22 Apr 14
The Munster squad held their training session in Musgrave Park today in preparation for Sunday's Heineken Cup semi-final against Toulon.
If there was one group who at the end of a great year should have been indicted for bringing the game into disrepute it has to be those who voted Richie McCaw -fabulous player that he is - the IRB Player of the Year ahead of Brian O'Driscoll.
It shouldn't even have a been a close call.
Keeping the best wine till last is a practice not uncommon in Munster's history and as 2009 passes from our grasp, once again, rugby supporters, no matter what their persuasion or what mast their colours may be nailed to, simply has to revel in Munster's Heineken Cup December exploits.
Not for the first time in the history of the competition Munster turned perceived logic on its head and in the process produced a performance that will rank with the best the Heineken Cup has ever seen.
Very few people outside that tight little group that took up station in the beautifully situated Les Flamants Roses in Canet gave this side any chance of getting anything out of this visit to Stade Aime Giral. In fact, best case scenario suggested Munster would do well to leave the south of France with a losing bonus point (Don't bother eating your tie George, it's your tongue you should try swallowing).
Munster would have none of it. And even as they faced into a second half with a slender one point lead you'd have needed to find a brave bookie who would have given them much chance of improving on the original assumption. They'd have taken the hand off you for a winning bonus point win.
That they did, after blitzing the home side in a second half of pure class and bloody persistence says it all about a group who have graced this competition now for well nigh on 13 seasons.
To put what they achieved in context, Perpignan had only ever lost twice previously at home in the Heineken Cup and their home record stood at 23 games without defeat.
Roared on by their home crowd they looked threatening on more than one occasion in the opening half yet Munster always managed to get a body on the line and in the 23rd minute silenced the home support when Denis Fogarty crashed over to the left of the posts for an 8-3 lead. Ronan O'Gara added the conversion and Munster took that slender lead into the second half.
But no matter what had gone in the opening half no-one, almost no-one could have expected what they were to witness in the second half. Paul O'Connell took the restart and in doing so set the tone for the remainder of the half. And where the skipper dared to thread, his teammates were more than willing to follow.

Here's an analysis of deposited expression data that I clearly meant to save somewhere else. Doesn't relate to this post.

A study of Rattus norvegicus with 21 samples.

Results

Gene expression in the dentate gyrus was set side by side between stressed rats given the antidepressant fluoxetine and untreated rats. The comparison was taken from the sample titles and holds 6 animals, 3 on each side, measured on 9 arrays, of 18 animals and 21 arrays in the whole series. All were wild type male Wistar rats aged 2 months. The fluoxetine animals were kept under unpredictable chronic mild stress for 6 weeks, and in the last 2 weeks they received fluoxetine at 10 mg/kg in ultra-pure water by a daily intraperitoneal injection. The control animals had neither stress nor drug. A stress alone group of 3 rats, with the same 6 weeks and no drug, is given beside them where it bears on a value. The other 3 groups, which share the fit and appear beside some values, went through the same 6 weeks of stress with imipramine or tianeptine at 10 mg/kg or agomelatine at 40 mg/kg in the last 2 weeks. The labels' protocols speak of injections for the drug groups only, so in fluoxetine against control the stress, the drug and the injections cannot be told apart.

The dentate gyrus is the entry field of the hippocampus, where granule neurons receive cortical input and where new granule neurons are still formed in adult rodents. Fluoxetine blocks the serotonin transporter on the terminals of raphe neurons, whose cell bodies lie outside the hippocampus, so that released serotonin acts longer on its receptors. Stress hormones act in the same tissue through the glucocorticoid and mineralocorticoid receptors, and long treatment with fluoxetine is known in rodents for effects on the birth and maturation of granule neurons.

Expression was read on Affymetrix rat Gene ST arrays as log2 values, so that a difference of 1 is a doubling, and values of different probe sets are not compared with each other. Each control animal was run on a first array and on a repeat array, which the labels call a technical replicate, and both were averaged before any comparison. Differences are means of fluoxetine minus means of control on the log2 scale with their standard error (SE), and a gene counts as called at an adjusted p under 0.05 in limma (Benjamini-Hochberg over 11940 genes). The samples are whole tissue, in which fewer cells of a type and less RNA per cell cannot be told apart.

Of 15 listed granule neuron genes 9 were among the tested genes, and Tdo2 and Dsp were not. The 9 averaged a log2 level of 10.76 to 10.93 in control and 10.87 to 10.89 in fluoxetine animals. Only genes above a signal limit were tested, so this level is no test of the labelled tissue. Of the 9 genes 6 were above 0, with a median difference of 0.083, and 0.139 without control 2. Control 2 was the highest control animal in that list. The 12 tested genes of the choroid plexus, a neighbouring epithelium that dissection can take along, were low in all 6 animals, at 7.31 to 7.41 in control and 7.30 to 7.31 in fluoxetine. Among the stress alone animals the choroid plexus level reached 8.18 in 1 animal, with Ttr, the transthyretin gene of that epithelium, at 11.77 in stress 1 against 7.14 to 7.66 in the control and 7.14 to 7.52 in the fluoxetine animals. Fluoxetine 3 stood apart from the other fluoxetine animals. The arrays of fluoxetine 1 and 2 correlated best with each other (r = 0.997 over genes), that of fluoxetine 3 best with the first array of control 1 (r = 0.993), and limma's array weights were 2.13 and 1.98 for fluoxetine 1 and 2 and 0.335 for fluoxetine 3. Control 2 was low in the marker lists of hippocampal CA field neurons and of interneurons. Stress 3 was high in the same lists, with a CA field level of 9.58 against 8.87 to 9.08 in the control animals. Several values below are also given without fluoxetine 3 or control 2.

It's unfair to single out one individual over another because truth is, no one player gave more of themselves than another. But in the lead-up to the game, there were those whose credentials had been questioned and in that regard O'Gara, Jean de Villiers when he came on as a replacement, the man he replaced, Lifeimi Mafi and Paul Warwick produced the perfect riposte.
Up front there were heroes aplenty. John Hayes is simply John Hayes. No further explanation required. Alan Quinlan rolled back the years and ccording to more than one teammate, Munster couldn't have won without Denis Leamy's effort.
Wherever O'Connell went his second row partner Donncha O'Callaghan boldly followed and neither had to look too far to see where Fogarty was. David Wallace had a great afternoon, newcomer Wian du Preez was simply majestically Munster and those who came off the bench all contributed positively.
Of course injury to first Leamy, then Felix Jones and then Nick Williams struck a sobering note to the end of year and reminds us of the precarious profession these lads have chosen. But it was heart-warming to see Marcus Horan back in full training with a January return to Munster action forecast.
The players know nothing has been won yet, but, written off in some quarters just a short few weeks ago, their response has been superb. But maybe not too suprising to those that know them.